The thesis is simple: drones (remote controlled aircraft used both for surveillance and bombing) are billed as instruments to hunt down terrorists, but in reality, they are being used to wage a war on tribal Islam. Such tribal areas include much of Afghanistan, and parts of Pakistan, Yemen, Somalia, Mali and other countries. 

For starters, polls have reported that 80 to 90 percent of the people in such tribal areas have never heard of the 9-11 terrorist attacks, and have no idea about its significance for the United States. 

Ahmed is an anthropologist by training, and had actually studied people in tribal areas of his native Pakistan in his younger years, when he administered in Waziristan, one of the tribal provinces of Pakistan. 

He understands their codes of honor and revenge, and their severe shortcomings as well, especially the “terrible” way they treat women. But he respects their right to exist and evolve.      


The drone, in other words, is an indiscriminate weapon. 

Moreover, these drones “buzz” overhead many hours of the day and night (probably for surveillance), raising immeasurably the fear level of those on the ground.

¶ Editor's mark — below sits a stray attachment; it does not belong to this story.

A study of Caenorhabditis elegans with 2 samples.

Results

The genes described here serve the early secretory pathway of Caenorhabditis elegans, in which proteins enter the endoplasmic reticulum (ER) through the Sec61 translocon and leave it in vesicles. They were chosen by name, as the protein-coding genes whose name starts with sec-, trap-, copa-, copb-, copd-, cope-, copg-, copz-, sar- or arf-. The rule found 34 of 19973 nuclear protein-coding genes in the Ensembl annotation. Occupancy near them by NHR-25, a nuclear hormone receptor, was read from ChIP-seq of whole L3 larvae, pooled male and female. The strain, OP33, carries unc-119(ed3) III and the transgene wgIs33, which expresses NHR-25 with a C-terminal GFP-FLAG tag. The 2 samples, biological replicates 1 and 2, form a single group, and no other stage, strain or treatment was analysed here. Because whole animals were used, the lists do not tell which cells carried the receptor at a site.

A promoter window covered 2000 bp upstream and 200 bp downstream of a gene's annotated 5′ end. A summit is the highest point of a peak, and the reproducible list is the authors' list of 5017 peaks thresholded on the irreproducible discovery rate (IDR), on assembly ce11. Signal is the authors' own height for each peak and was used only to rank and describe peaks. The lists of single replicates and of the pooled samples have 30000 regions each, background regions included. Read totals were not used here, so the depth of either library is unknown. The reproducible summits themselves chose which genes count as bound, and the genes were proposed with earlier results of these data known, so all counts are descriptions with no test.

In the process, these drones are creating all kinds of animosity toward the U.S. in these tribal areas. The animosity would be even worse if the potential victims knew what the drone operators (usually located in the Midwest somewhere) called a “hit.” The phrase used often is a “bug splat,” — as if the people killed were insects, not human beings. This is blatantly racist. 

For all these reasons, Ahmed judges that the current use of drones (and up to 10,000 are in use at the moment) is both immoral and counterproductive for U.S. foreign policy.

What would be productive?  Ahmed advocates a program that exemplifies the best values of the Abrahamic traditions (Judaism, Christianity and Islam). Development assistance, especially programs of education, would be valued and appreciated, he says … and would go a long way to reverse the negative views of the United States in these tribal areas. 

His book is causing something of a stir in policy circles, and his has been invited to speak about it at the Pentagon in May. Stay tuned.

If you would like to listen to my interview with Ahmed, it will be available online at Interfaithradio.org beginning Friday.